This DIY Split-Flap Sign Will Get Anyone's Attention
The one common feature found in an alarm clock from the 1970s and older train depot displays is "split-flap" characters. As a way to recreate their eye- and ear-catching display, Erich Styger on the MCU on Eclipse blog demonstrates a sign using 20 hand-built characters.
What are split-flaps? These mechanical displays have a character made from two pieces mounted on a wheel. As a wheel turns, the pieces "flip" into place. While not required, a stepper motor can accurately turn the flaps to the desired position.
Styger's starting point for this project was work published by Scott Bezek. Bezek's project has extensive 3D models and design files for split-flaps available with an open source design.
There are only a few minor differences between Styeger's and Bezek's mechanical designs. For example, a 3D-printed bracket combines character modules, making them stackable.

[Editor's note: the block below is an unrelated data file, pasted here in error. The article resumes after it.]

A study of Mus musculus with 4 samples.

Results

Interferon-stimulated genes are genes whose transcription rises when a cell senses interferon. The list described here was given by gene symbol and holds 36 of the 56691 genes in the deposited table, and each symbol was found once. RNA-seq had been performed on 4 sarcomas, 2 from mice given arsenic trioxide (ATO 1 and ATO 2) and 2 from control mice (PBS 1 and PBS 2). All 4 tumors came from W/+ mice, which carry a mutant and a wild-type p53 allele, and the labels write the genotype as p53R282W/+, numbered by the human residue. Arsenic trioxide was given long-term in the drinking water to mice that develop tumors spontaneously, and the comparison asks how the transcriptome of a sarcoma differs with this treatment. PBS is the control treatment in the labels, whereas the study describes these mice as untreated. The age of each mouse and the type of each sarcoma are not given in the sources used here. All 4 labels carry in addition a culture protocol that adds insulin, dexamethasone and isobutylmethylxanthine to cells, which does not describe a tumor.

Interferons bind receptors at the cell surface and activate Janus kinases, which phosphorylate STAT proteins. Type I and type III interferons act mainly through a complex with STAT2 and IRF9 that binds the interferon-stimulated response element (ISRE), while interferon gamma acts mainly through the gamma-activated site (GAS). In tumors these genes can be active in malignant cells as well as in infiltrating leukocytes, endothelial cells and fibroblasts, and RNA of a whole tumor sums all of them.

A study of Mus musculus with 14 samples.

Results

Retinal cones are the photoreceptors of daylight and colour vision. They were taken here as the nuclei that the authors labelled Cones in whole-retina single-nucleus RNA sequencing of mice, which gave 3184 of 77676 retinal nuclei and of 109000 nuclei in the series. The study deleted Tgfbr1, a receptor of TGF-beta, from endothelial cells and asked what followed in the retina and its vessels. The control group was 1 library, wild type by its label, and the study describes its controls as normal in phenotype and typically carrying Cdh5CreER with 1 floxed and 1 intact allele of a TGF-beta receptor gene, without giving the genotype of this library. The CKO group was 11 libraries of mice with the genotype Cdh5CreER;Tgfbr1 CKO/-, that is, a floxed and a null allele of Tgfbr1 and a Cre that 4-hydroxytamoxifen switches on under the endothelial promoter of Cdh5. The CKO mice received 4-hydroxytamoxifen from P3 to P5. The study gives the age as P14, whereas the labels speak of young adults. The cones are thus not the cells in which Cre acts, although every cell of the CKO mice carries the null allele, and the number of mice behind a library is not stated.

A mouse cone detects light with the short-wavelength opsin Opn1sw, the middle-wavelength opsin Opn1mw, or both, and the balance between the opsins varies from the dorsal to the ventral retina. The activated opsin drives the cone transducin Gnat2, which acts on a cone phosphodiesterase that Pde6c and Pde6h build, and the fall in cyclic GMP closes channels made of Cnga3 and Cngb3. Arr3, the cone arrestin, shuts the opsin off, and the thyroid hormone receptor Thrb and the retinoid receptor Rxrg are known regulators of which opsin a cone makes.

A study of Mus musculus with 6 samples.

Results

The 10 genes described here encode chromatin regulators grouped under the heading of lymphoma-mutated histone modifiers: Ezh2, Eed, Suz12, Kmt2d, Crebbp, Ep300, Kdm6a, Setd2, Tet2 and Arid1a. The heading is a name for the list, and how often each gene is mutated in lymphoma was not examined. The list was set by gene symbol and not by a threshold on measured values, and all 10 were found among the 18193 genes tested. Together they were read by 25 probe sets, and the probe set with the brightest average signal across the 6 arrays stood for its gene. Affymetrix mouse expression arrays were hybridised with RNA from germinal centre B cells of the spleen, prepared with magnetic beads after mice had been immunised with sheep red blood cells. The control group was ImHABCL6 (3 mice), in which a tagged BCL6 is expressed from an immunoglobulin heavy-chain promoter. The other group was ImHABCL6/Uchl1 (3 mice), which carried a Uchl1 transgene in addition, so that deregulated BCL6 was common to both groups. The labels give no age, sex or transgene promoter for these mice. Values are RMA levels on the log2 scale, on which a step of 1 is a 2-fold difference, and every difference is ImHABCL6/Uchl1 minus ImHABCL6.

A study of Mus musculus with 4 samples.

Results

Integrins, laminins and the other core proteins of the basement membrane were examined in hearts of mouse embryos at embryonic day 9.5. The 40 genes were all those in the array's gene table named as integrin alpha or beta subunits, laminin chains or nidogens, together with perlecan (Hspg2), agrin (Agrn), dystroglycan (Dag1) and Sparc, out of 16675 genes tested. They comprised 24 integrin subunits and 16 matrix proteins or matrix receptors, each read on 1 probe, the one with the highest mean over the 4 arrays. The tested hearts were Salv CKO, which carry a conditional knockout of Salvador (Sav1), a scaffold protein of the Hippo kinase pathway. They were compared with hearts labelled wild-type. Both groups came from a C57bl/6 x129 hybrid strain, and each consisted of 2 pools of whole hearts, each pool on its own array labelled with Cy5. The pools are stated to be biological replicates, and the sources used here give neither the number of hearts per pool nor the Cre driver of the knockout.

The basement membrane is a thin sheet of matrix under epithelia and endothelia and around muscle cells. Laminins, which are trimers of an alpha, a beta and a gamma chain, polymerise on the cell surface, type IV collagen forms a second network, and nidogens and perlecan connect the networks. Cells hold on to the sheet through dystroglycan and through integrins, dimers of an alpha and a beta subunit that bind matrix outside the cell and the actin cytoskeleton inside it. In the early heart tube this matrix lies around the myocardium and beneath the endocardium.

In Styger's build notes, there is an extensive explanation of building the flaps using PVC "cards" and a CNC machine. The video comparing the sound difference between aluminum and PVC makes it clear that plastic flaps are the correct choice!
Styger developed two carrier boards that control four flap modules. The only functional difference between the two is the microcontroller targets: a tinyK22 and an LPC485-BRK. Both boards feature an NXP microcontroller with an Arm Cortex-M0+ and M4F, respectively.
The boards run from a 12V supply and have four JST connectors for the split-flap modules. An RS-485 bus connects multiple flap controllers with a theoretical maximum of 512 flap modules. Of course, power distribution becomes an issue as this design scales up. Styger admits the 4-module per MCU only works well on a smaller scale.
"Currently there is one MCU needed for 4 split-flaps: this is fine for the class environment, but for larger displays an overkill." — Erich Styger
See this MCU on Eclipse blog post with Styger's detailed build instructions for more information.